MVB Launches Direct Ordering Program for Indies [2]

On Monday, June 10, MVB U.S. CEO Ted Hill announced the creation of a program for booksellers [3] who may be impacted by the forthcoming closure of Baker & Taylor’s retail wholesale business [4].

“Thousands of retailers already save time and money ordering direct from hundreds of leading publishers through our Pubnet and Pubeasy services,” said Hill. “We want to extend the benefits of publisher direct ordering to the smaller stores that previously relied exclusively on wholesalers for their inventory.”

While Pubnet and Pubeasy have always been free to retailers, MVB U.S. will waive the initial Pubnet mailbox setup fee for former Baker & Taylor customers through the end of September 2019. In addition, MVB U.S. will offer individual customer support during the setup process as well as share best practices for selecting which service is best suited for a particular store.

“Pubnet is a great option for booksellers who want to trade directly with a wide range of publishers via an automated process” said Hill.

With Pubnet, ordering is managed through all of the leading point of sale (POS) systems; Pubeasy allows ordering from the 14 largest North American publishers and their distribution clients through a website interface. “Orphaned retailers can also check price, availability, and the status of their orders on Pubeasy, just as they do now in Title Source,” Hill added.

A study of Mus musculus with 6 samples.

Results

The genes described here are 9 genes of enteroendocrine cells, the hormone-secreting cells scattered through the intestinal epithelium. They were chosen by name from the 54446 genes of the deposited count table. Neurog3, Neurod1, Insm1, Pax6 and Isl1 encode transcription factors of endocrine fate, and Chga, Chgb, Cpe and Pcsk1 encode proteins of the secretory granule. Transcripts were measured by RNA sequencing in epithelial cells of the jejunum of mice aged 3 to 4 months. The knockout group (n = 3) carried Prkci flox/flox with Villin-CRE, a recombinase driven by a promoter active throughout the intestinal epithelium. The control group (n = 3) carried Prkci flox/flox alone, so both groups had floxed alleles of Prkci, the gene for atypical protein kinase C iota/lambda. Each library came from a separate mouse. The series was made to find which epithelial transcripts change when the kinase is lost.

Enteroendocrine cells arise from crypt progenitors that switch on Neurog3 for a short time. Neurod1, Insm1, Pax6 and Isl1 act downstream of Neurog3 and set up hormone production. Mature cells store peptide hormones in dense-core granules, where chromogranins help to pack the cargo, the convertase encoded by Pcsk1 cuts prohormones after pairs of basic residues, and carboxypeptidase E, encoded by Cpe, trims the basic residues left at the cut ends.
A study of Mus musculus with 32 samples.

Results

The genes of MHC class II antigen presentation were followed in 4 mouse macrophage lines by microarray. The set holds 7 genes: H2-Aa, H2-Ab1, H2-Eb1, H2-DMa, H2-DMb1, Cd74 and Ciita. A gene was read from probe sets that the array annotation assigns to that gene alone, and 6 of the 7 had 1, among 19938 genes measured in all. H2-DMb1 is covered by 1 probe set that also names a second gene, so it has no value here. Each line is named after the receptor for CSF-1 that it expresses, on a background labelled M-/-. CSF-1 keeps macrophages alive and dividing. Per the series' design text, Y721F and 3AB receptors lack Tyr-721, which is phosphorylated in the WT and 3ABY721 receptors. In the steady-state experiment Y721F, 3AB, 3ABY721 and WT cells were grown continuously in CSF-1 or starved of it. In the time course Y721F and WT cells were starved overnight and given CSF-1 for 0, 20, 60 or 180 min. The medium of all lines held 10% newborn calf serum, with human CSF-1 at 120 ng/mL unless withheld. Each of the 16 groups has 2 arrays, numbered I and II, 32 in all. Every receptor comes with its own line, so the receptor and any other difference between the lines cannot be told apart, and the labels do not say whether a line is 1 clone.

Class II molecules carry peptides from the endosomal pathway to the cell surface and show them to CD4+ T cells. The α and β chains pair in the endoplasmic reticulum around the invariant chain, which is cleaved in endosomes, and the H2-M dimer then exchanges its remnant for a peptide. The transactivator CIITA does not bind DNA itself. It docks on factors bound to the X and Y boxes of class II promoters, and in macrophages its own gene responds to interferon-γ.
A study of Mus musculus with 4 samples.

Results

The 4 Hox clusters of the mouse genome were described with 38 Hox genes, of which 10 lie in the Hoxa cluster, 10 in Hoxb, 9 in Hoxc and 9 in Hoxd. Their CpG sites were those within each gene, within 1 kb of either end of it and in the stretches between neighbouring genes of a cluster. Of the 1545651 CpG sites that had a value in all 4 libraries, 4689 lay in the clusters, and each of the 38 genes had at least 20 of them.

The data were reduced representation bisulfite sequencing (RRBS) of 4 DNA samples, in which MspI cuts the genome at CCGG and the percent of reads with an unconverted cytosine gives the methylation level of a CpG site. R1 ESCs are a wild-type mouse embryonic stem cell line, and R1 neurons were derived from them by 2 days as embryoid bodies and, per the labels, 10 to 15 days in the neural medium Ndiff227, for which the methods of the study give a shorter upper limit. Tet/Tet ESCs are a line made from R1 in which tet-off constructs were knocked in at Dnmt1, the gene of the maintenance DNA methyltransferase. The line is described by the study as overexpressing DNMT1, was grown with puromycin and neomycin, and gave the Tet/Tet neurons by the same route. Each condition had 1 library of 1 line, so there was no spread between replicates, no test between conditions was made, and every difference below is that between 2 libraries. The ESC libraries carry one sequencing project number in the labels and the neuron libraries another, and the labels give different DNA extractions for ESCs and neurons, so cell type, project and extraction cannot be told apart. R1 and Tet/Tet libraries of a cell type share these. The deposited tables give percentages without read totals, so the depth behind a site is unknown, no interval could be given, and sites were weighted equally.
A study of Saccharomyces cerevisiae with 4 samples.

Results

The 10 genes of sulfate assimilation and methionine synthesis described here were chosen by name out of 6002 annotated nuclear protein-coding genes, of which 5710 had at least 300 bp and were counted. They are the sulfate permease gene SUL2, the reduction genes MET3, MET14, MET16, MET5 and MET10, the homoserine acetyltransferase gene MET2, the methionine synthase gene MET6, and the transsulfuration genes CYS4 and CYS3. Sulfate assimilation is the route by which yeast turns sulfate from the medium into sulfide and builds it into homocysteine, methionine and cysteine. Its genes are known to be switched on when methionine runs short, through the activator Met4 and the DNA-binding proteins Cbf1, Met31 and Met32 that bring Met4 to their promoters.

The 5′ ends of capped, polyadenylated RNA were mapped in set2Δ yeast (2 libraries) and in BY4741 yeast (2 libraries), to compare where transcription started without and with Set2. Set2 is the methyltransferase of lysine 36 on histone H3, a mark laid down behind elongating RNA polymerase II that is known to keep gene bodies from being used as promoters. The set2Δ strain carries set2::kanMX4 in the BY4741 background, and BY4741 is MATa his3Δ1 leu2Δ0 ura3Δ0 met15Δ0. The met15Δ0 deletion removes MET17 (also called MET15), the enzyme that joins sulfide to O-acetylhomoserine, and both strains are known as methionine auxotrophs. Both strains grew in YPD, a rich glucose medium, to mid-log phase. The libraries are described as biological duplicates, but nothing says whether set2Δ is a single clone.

Direct ordering can offer booksellers a lower price point up front as well as special discounts and promotions from publishers. Retailers will still need to open an account with each publisher.

“While it may take some time for former Baker & Taylor customers to discover the benefits of publisher direct ordering and build out their network of direct accounts, booksellers find that ordering through Pubnet and Pubeasy can significantly lower their cost of goods,” said Hill. Recent findings from the American Booksellers Association’s ABACUS survey of bookseller finances shows a 2 percent overall decrease in cost of goods for independents in the past few years, which has largely been attributed to more publisher direct ordering — savings that go directly to the bottom line.”

For more information, booksellers can contact Hill [5].